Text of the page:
22nd Feb, 2024

That’s the question being asked by a new petition that’s recently been submitted to parliament, and whatever side of the fence you sit on, everyone can agree on one thing: it’s certainly ruffled some feathers. Normally, people tend to stop driving mostly at their own discretion as they get older, or if they decide that they don’t want a new vehicle after thinking: I need to scrap my car.

The proposals would change all that though – but only if they go through and succeed in becoming law. So, you might be asking – what are the chances of that?

What’s happening?

As we’ve touched on above, essentially there’s a new petition that’s been submitted for elderly drivers to have to retake their tests to prove that they’re still safe on the roads. Specifically, the petition suggests that the retest requirement should apply to everyone over 65. Or, to use the submitter’s own words:

“I would like the Government to require drivers to retake their driving at 65, if they want their driving licence to remain valid. I travel a lot, and often see older drivers who I believe should not be driving. Some misuse turn signals, others appear to have sight issues. Reactions also worsen with age.”

The petition was only submitted earlier this month (February 2024), and it will run for six months, so it’ll be interesting to see how much traction it builds up in that time.

In case you’re wondering, right now there’s no legal requirement to take your test again once you reach a certain age. It’s true that your licence does automatically expire when you hit your 70th birthday, but it’s not a major issue – you just need to renew it with the DVLA.

Many people choose to voluntarily stop driving once they reach a certain age, as they can often notice their eyesight or reflexes fading, and no longer feel that they’re able to guarantee their own safety (or that of the other drivers around them). However, there’s no universal legal requirement for this decision at the moment, leaving the decision up to the discretion of the individual in question – and that’s perhaps the cause of concern.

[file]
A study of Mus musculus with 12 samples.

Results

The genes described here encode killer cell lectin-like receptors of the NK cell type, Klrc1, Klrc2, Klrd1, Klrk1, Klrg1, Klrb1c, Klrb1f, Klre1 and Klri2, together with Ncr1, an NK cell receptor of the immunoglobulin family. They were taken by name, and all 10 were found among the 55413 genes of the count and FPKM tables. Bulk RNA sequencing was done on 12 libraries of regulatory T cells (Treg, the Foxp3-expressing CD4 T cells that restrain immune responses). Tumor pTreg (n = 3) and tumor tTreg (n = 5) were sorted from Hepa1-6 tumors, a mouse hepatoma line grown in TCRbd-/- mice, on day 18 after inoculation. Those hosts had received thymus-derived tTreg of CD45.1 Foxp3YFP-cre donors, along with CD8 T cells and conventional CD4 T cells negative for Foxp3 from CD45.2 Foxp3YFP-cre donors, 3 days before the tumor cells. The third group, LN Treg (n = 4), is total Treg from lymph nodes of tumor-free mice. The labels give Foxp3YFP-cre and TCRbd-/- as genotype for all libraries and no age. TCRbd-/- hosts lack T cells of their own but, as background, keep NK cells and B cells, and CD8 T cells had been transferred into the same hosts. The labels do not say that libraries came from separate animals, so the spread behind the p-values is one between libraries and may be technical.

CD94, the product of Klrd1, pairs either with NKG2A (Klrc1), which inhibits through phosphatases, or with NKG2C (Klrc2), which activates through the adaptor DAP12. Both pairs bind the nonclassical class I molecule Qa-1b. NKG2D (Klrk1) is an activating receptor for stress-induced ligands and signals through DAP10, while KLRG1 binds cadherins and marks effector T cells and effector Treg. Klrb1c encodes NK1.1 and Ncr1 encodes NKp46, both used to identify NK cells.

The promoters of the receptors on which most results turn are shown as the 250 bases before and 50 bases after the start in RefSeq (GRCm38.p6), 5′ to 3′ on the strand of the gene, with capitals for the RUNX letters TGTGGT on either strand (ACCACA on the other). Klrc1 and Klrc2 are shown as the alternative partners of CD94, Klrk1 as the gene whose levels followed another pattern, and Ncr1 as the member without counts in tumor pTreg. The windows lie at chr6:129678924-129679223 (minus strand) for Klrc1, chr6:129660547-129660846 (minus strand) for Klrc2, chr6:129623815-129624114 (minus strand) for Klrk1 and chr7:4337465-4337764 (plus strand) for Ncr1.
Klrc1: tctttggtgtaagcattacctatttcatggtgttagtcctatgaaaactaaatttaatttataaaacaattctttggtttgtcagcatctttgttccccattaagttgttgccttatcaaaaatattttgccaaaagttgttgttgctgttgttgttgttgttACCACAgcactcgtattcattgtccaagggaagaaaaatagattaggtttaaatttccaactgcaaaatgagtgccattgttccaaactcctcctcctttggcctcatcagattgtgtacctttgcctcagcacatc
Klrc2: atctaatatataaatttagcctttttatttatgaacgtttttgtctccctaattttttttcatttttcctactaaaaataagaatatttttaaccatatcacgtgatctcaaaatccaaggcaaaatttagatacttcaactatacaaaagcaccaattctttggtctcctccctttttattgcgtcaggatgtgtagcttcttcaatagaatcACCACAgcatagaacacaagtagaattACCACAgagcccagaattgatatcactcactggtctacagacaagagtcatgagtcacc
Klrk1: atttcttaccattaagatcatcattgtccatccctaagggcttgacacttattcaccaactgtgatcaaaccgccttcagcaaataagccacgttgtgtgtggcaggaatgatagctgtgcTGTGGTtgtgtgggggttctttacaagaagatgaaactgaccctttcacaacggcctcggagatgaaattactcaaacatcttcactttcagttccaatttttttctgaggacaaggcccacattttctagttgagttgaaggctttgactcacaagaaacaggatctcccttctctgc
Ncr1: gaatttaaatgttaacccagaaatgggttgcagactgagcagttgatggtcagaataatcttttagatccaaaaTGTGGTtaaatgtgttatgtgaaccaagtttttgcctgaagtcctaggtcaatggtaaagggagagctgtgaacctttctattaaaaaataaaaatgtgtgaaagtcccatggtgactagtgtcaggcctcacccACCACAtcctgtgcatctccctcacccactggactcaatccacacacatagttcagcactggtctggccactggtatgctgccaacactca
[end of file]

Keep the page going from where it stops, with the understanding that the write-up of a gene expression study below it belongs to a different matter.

What’s been the reaction?

To be honest, people haven’t been happy. At the time of writing, the petition isn’t even at 500 signatures, but the amount of support it’s received doesn’t seem to be proportionate to the amount of press it seems to be generating.

In particular, a lot of the headlines are voicing concerns about discrimination and ageism towards older drivers, and lots of the comments in online articles have pointed out that reaching the age of 65 doesn’t automatically equate to suddenly becoming bad at driving. And of course, statistically it’s still younger drivers that are over-represented in road accidents.

The controversy has been so significant that it’s been enough to get the AA to respond – Edmund King, the President of the AA, has been quite vocal with reminders that there are already massive driving test backlogs, and adding to them with new tests (which may or may not be necessary) maybe isn’t the best idea. In the words of the man himself:

“At the moment, it is very difficult for new drivers. In many areas, there’s something like a six-month delay – there’s a 500,000 [test] backlog. If you then add in checks for older drivers, it really would set the calendar back by years.”

Steve Gooding, the director of the RAC Foundation, was equally reluctant to back retesting older drivers. However, he did support the idea of eyesight checks, saying; “one thing that would allow all drivers – not just those at an arbitrary old age – to help judge their fitness to drive would be compulsory eye tests when licences are renewed.”

What are the chances of the petition succeeding?

Let’s be honest – right now, the chances of the proposals becoming law appear to be slim, especially when you consider all the free press it’s been getting from outrage clicks in the past week or so. That means if you’re within the age band in question, you probably don’t have much to worry about in terms of getting older; it’s still all up to your own discretion. The only thing you really need to concern yourself about is the age of your car, and what happens when that gets too old to drive. And that’s exactly where we come in.

With more than 40 years of experience behind us, we’ve refined our process to make sure it’s never been easier to scrap your car. All you need to do is enter your car reg and postcode into the fields on our site, and we’ll have your scrap car quote to you in seconds. So… curious to find out how much your car is worth?